This week we report on a study that found a dozen wearables aren't producing reliable or accurate data when it comes to energy expenditure tracking--and it's unfortunate news for patients and consumers who are looking to these devices to stay fit and lose weight. However, it also could prove unfortunate for some health provider care efforts.
PCAST report highlights critical need to design and deploy technologies, policies specific to aging Americans
Last week, the President's Council of Advisors on Science and Technology (PCAST) released a new report with recommendations for the federal government when it comes to advancing policies on telehealth and electronic health records, among other things, to help older Americans live more independent lives. Mobile health, as we note here every week, has tremendous potential to help aging populations by providing faster and easier access to care and keep costs down. But, as the PCAST report reveals, none of these benefits can be tapped without substantial federal government support, action and commitment.
What's happening in digital health research thanks to ResearchKit is astounding. To that end, the forthcoming addition of an Android counterpart via ResearchStack is an exciting development.
News this week regarding a digital health app's lack of accuracy drives home a clear message that while tremendous strides have been made in the health information technology industry, we're still a long way from seeing apps deliver what longstanding, verified devices have been providing for decades.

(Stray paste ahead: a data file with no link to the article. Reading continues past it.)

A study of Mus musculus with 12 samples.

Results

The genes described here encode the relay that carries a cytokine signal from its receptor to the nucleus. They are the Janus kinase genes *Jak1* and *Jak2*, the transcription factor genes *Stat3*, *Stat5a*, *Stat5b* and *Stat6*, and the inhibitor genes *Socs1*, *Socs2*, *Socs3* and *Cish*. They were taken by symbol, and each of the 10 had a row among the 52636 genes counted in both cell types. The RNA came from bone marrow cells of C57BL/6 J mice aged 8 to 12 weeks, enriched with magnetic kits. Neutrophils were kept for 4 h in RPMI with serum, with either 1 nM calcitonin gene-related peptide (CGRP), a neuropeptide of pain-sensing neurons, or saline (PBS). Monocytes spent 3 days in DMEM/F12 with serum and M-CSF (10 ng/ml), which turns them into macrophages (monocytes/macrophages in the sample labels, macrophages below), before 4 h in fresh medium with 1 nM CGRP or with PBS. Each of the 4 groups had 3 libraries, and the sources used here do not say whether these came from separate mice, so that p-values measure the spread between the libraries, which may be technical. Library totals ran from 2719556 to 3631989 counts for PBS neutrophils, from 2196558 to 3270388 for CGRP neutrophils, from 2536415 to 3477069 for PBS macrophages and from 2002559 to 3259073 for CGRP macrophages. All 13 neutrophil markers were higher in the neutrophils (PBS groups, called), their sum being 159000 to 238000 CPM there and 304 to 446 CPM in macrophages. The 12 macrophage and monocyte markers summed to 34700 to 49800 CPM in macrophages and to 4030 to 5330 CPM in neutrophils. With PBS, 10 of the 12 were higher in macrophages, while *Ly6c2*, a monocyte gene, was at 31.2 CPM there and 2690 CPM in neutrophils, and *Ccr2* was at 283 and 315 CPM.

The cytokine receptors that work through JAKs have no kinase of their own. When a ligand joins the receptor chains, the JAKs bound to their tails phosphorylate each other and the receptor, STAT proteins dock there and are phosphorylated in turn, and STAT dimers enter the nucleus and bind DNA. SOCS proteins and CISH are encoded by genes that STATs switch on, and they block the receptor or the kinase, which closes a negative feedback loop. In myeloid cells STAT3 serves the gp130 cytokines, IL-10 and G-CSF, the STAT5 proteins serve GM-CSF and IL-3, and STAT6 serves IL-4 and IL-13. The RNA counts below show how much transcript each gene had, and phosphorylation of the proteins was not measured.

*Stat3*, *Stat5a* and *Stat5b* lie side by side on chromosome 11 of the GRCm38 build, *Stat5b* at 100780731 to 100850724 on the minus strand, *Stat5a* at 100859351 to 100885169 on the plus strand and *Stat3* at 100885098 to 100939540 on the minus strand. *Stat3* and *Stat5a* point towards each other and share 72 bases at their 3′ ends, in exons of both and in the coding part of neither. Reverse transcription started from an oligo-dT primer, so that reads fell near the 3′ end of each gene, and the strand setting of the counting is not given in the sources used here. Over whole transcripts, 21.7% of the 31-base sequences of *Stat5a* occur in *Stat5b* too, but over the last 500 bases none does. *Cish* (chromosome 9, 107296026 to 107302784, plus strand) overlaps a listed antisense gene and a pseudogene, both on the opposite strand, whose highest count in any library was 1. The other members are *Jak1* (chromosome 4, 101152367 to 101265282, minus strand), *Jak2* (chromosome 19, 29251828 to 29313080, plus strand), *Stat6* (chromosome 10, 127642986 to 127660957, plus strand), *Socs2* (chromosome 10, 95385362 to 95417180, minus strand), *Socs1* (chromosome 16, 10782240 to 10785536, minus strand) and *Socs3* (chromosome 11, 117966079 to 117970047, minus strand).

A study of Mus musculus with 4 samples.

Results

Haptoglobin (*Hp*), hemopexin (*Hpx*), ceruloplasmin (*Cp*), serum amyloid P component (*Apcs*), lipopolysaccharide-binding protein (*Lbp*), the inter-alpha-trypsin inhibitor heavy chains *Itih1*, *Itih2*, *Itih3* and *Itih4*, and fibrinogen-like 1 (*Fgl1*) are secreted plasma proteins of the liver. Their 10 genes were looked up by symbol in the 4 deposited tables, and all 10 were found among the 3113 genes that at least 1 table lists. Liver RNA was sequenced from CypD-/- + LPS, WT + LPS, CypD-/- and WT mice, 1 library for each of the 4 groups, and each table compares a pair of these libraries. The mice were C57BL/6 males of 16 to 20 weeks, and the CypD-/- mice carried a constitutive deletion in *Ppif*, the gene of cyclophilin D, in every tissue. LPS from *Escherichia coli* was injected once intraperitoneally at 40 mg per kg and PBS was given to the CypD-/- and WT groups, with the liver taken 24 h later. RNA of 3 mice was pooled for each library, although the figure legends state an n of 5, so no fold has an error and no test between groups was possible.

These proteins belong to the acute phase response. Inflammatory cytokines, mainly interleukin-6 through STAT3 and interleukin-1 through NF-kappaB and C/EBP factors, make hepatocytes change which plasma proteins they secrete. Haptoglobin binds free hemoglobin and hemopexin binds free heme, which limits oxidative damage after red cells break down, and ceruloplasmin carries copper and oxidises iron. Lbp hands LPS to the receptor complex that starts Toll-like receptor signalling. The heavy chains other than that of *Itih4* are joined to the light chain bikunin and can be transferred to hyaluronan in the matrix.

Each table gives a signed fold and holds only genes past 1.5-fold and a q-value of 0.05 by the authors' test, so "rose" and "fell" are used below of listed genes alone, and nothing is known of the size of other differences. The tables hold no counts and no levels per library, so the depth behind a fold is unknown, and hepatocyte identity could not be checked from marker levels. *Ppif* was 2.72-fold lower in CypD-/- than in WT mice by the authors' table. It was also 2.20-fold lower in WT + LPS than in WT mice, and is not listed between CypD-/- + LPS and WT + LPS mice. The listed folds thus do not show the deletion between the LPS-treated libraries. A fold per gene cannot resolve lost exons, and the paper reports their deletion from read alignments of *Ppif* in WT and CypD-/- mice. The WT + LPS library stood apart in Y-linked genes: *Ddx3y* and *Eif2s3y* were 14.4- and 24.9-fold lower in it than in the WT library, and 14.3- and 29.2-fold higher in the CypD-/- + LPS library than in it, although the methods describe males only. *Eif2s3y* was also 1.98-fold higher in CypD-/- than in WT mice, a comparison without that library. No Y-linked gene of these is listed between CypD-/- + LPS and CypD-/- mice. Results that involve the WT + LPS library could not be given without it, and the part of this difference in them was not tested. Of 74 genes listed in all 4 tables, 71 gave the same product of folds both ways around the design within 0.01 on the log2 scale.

There are many challenges in mHealth, but one of the most important hasn't gotten necessary attention: the need for a verifiable methodology to evaluate and assess the growing wave of mHealth apps. An accredited and trustworthy evaluation is a win-win for everyone: developers, app sellers, consumers, clinicians and providers. Its top of mind this week, in part due to a new study.
According to Parks Associates estimates, about two-thirds of the American population is either overweight or obese. Additionally, 26 million Americans suffer from type I or type II diabetes, almost 14 million have severe chronic respiratory problems such as COPD, and 68 million have been diagnosed with hypertension.